LibreOffice is a suite of office applications for creating, editing, and viewing text documents, spreadsheets, presentations, and databases, among other things. LibreOffice is free and open source software. Anyone can download it, use it, and even examine and modify the source code.
But with version 7.0 set to launch next month, some users have been noticing unusual language in pre-release builds suggesting that LibreOffice “Personal edition” is “intended for individual use.
That’s raised some alarms since it implies that businesses, governments, schools, or other institutions might need a different license to use LibreOffice in the future.
But the Document Foundation, which manages the LibreOffice project, says that’s not the case. The licensing terms will not be changing… but the organization is exploring offering a “LibreOffice enterprise set of products and services provided by the members of our ecosystem” in the future.
Adding the “personal edition” wording is meant to differentiate the marketing between the “free and community supported” version of LibreOffice, and that hypothetical enterprise software which hasn’t yet been released.
Here’s a roundup of recent tech news from around the web.
- LibreOffice 7.0 RC1 is available for testing [Document Foundation]
LibreOffice 7.0 RC1 is now ready for testing. The stable version of this free and open source office suite is scheduled to launch in early August, and it should bring new spreadsheet functions, accessibility improvements, GUI and performance tweaks.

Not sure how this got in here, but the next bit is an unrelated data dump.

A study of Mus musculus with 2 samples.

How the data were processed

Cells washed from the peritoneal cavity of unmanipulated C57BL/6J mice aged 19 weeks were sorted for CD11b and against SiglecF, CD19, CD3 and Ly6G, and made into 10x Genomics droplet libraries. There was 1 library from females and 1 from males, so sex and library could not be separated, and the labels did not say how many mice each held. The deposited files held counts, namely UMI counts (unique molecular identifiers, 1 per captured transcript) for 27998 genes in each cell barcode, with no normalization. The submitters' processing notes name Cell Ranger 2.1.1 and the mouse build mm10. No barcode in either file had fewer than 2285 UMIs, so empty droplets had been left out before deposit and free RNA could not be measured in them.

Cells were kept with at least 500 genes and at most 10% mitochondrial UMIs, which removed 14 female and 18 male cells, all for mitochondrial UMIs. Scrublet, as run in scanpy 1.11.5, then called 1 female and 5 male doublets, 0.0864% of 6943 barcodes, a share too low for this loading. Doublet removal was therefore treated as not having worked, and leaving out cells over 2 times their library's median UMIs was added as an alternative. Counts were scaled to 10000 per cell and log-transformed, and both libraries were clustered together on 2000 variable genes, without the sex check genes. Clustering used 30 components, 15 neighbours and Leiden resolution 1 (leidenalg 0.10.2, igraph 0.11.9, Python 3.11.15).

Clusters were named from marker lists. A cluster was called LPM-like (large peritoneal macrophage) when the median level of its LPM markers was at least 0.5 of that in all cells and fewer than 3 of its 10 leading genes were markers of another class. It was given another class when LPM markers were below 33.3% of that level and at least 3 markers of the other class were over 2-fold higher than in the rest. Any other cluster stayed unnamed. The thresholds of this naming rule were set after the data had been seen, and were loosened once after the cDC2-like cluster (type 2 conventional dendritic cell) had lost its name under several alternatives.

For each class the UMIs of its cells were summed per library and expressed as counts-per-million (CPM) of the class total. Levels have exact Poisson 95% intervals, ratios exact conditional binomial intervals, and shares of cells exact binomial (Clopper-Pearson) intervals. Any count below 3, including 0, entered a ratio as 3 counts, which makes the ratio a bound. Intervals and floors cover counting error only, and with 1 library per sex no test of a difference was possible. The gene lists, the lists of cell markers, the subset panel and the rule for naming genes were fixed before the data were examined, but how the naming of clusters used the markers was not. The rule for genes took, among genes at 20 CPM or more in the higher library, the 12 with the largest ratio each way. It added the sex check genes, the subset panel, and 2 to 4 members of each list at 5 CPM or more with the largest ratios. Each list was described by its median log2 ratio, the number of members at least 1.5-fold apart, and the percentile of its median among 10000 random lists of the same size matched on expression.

- Board statement on the LibreOffice 7.0 RC “Personal edition” label [Document Foundation]
Pre-release builds of LibreOffice 7.0 include the words “Personal edition,” but the developers have clarified that this is to differentiate it from a potential Enterprise edition, but it’s just a matter of marketing, with no licensing changes planned.
- H.266/VVC brings video transmission to new speeds [Fruanhofer]
Fraunhoefer announces H.266/VVC codec which could cut video file sizes in half while offering the same level of quality as the current-gen H.265/HEVC codec. Instead of 10GB for a 90-minute 4K video stream, we could be looking at 5GB.
- PinePhone Manjaro Community Edition smartphone under development [@ManjaroLinux]
We’ve already seen Ubuntu and postmarketOS community editions of this $150 Linux smartphone. Now the developers of Manjaro Linux are working to bring a version of their popular GNU/Linux distribution to the phone and partner with Pine64 on a co-branded device. The software also works on the PineTab tablet.
- OneGx1 mini laptop typing test [Liliputing/YouTube]
Sometimes folks ask me about thumb typing on tiny laptops like the One Netbook OneGx1, so I shot a quick video the other day. It’s theoretically possible, but it’s not really comfortable. This is a device that was designed for ten-finger touch typing, not thumb typing.